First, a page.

It has already been 15 years since the tragedy of the Oklahoma City bombing, which destroyed the Alfred P. Murrah Federal building on April 19, 1995.
According to the Associated Press, more than 200 children had parents killed or disabled when an anti-government conspirator’s truck bomb launched the largest domestic-incurred terrorist attack in the country’s history.
In an effort to remember and honor the victims that were killed on that day, and to provide support for those children whose parents died in the attack, administrators of the Oklahoma City Community Foundation created a scholarship program for the children affected by tragedy. To date, the foundation has provided almost $6 million for tuition, housing and other educational costs.
From that funding, about two-thirds of the children, who have since become adults, have gone to college or another continuing education program. Some have even completed graduate school and received their doctorate degrees.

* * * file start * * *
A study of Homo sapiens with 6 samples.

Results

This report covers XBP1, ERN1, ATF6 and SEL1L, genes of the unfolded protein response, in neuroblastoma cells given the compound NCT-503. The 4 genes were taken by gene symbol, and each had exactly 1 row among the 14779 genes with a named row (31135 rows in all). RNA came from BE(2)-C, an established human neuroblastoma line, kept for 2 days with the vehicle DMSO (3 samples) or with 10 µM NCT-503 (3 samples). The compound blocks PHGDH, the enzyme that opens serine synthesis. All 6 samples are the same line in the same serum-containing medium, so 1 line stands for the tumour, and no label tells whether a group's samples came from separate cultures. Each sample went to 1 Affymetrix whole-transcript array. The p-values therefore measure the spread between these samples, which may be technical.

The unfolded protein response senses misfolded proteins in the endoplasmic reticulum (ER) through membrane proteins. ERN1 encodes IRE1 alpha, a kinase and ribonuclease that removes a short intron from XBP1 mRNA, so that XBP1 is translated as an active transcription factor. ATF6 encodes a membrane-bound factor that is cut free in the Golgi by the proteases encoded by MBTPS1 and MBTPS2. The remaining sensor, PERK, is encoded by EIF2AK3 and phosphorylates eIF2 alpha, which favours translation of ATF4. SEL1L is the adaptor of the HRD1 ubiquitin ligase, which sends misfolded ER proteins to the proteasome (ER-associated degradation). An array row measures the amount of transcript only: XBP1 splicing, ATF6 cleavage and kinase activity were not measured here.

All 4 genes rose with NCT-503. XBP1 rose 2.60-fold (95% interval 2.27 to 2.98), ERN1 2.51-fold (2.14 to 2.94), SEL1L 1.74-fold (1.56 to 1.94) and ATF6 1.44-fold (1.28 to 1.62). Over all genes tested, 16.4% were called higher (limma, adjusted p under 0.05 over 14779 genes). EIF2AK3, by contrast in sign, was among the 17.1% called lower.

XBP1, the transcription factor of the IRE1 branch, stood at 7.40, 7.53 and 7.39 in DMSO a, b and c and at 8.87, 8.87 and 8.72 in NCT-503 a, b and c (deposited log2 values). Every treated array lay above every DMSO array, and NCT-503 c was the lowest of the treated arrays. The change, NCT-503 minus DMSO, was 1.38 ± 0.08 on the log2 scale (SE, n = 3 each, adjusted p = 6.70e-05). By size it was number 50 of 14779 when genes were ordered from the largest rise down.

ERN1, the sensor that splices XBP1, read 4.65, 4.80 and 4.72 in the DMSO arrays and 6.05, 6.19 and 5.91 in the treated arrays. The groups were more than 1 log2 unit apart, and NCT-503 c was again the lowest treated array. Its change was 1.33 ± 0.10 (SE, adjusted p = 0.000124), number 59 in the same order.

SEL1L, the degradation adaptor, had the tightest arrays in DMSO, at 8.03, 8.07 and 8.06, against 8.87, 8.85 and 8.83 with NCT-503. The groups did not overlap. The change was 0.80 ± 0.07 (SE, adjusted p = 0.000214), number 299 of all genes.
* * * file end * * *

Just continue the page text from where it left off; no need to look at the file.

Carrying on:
Kyle Loudenslager is a veterinarian with a degree from Ohio State University. His father was a general services administration employee who perished in the attack. Without the Oklahoma City scholarship program, his career may not have taken the trajectory it did.
“It’s not that I couldn’t have done it. It’s just that I wouldn’t have done it. They gave me the opportunity to do what I wanted to do.”
After the attack, social workers and case workers worked tirelessly to provide much needed support to the children and families affected by the bombing. To this day, many mental health workers still keep in contact with the victims to provide additional support when needed and just simply to check in.
“It was not about distributing money,” said Nancy B. Anthony, executive director of the Oklahoma City Community Foundation. “It was about how to help people restore their lives.”
And the scholarship program is doing just that.